In the years I have been compiling the data for The Register I have used it to great effect in selecting medals to purchase and also while conducting research for clients.

Mostly it is picking up a casualty because the dealer has not looked in the casualty roll. However, here are some more important examples:

- Purchased the QSA to Chaplain CF Tobias - the only minister of religion in the British forces to be a casualty of enemy action. Chaplain Tobias was shot in the thigh on 25 May, 1901 at Mooifontein in the Transvaal. This medal had been on the market at least once before (in 2011), through the hands of a couple of collectors and been discussed on a forum; yet no one (until the recent sale) checked The Register (or the casualty roll). Subsequent research reveals that letters relating to Tobias' war service are held by Witwatersrand University, the Derby Daily Telegraph contains an eye-witness account of the battle and the Chaplain's part in it and there is a pictureof him on Ancestry.

- Purchased the QSA to Cpl 411 CW Abel Natal Carbineers with clasps Transvaal and Defense of Ladysmith. Abel was killed on 20/08/1901 at a farm called Nooitgedacht in the Orange Free State. Abel's death is not recorded in the Official Casualty Rolls - it only appears on the medal roll and in Steve Watt's In Memoriam. The important fact about Abel's death was that he was serving with Loxton's Horse - described in the medal roll as a 'loot corps'. There are only two men on the medal roll - Abel is not one of them. Their role, encouraged by Lord Kitchener himself, was to remove (steal) crops and livestock from Boer farms. It would appear Abel was killed on one of these raids. Loxton's Horse are, not surprisingly, a mysterious unit. They were raised and led by Samuel Loxton one of three brothers from the Corps of Guides who won DCMs in the war. The Loxton family are old settler stock of the Eastern Cape and Natal.

- Purchased the QSA of Lt AH Leith South African Light Horse. Lt Leith is mentioned in The Register because he has a gravestone recording his death in 1903 from the effects of the campaign to relieve Ladysmith following an "adventurous life" in Mexico, USA and Australia. Further research revealed him to be the son of Admiral John Leith, younger brother of Alexander Forbes-Leith, First Baron Fyvie, a successful steel magnate in America and the uncle of Lt PF Forbes-Leith, 1st Dragoons, who died of disease during the Anglo-Boer War.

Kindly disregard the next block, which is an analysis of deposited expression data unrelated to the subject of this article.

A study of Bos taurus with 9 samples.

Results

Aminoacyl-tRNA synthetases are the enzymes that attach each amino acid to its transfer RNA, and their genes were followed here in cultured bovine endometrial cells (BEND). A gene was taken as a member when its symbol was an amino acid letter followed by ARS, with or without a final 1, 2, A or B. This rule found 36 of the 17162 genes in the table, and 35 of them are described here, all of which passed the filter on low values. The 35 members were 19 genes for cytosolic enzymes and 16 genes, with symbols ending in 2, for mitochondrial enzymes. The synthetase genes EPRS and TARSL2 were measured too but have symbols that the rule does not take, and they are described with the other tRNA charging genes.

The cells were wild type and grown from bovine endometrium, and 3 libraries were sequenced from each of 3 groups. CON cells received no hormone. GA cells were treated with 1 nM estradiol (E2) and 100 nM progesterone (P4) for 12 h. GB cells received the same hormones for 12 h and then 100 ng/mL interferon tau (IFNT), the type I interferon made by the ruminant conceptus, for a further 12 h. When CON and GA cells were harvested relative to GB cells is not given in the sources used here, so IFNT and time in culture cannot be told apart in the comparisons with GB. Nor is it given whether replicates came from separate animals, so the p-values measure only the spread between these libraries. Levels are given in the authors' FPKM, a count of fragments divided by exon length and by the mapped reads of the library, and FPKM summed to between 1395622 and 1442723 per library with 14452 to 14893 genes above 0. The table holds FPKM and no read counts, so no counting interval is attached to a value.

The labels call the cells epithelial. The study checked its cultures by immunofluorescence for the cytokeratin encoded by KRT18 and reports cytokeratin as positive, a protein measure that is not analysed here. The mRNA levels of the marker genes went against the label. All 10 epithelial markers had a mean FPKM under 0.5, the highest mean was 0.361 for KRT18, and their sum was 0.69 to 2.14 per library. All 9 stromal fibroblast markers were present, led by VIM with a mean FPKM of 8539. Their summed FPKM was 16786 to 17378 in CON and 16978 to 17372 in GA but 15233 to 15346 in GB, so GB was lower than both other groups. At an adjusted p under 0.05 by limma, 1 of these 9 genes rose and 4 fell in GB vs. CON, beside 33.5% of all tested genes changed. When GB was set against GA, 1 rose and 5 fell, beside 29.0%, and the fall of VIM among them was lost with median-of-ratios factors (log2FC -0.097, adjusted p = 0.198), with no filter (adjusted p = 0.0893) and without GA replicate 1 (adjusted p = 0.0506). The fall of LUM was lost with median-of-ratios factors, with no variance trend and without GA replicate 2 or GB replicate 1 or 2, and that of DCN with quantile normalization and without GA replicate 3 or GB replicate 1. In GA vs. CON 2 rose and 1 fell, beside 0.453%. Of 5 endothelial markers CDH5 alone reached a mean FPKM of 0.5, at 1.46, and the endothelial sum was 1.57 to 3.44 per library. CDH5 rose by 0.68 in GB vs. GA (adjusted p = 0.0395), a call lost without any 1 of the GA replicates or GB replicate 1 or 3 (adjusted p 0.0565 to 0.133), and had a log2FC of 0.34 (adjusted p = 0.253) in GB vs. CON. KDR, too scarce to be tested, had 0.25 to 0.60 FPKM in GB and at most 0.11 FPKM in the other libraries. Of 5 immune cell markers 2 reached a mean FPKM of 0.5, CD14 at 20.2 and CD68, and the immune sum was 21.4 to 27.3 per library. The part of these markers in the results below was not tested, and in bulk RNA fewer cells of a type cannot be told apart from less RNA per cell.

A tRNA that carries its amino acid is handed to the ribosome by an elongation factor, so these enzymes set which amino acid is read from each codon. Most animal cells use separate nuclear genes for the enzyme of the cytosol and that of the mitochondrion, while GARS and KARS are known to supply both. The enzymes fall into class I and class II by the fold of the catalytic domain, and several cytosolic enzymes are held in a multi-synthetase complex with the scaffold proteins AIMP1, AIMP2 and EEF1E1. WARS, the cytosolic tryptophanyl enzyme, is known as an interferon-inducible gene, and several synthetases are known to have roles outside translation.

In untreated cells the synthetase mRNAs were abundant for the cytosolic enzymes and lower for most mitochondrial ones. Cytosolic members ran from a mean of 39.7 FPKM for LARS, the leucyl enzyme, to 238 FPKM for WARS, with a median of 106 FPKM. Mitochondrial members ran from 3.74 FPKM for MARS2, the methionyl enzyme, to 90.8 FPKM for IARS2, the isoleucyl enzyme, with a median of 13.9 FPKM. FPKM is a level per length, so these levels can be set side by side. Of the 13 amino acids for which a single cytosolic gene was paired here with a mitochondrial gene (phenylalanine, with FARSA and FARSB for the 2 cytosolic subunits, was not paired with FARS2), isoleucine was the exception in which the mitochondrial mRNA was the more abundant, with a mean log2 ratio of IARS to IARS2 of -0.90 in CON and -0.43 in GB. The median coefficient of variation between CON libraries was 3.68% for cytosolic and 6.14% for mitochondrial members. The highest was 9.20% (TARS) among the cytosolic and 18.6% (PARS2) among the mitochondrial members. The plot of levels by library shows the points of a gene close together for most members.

- Purchased a QSA disc from e-Bay to Gnr 13373 J Newberry 38 Btty RFA who was killed at De Klipdrift March 7, 1902. This battle was one of those nasty actions when the Boers rode down on a column shooting the defenders at close range causing much confusion and many casualties. The 38th had just one section there and the guns were manned to the last man standing. This action is also notable because Lieutenant-General Lord Methuen was wounded.

- Purchased a QSA from FJP Auctions to Pte 262 A Hannah Natal Royal Rifles. Hannah is the only casualty of the ABW for this unit, he is listed in the Natal FF Roll under 'Miscellaneous Natal Casualties'. The medal roll confirms this is the same man.

- Purchased a QSA off e-Bay to a Gunner in the RFA who was mentioned in despatches and for which a brief citation is given in SA Honours and Awards. Citations for any Anglo-Boer War gallantry is not usual and for MIDs is very rare. And a bonus, his WO97 papers exist and indicate that he had a role to play in the 1902 Coronation.

- Verifiying a Wepener clasp QSA to a private of the 10th Hussars. The man in question does not appear in Kevin Asplin's cavalry roll so it would appear this is a suspect medal with a Wepener clasp added.

The Register revealed the soldier to be one of Major-General Brabazon's servants and is shown in the Imperial Yeomanry rolls. Brabazon, commander of the IY in South Africa, led a column to the relief of Wepener and he along with his staff were awarded the Wepener clasp. The roll is later annotated to show some, but not Brabazon or his servant, having the Wepener clasp reclaimed. A humble private's medal to the 10th Hussars now ranks alongside the few medals to HMS Doris issued with Wepener clasps in error. Only one of these to medals to HMS Doris is believed extant - see Dix Noonan Webb Lot 173 sale 07-03-2007. Brabazon's medal in the Royal Hussars Museum does not have the Wepener clasp on it.

- Show other units a colonial soldier served in which has not been noted on the roll for the unit the medal is named to.

- Revealing a casualty in a unit other than which the medal is named to.

- Provide assurance when faced with a re-named nurse's medal, the nurse died during the war but is not in the main nursing rolls. The Register reveals her name on war memorials and points to other sources that provide extra information to allow further research.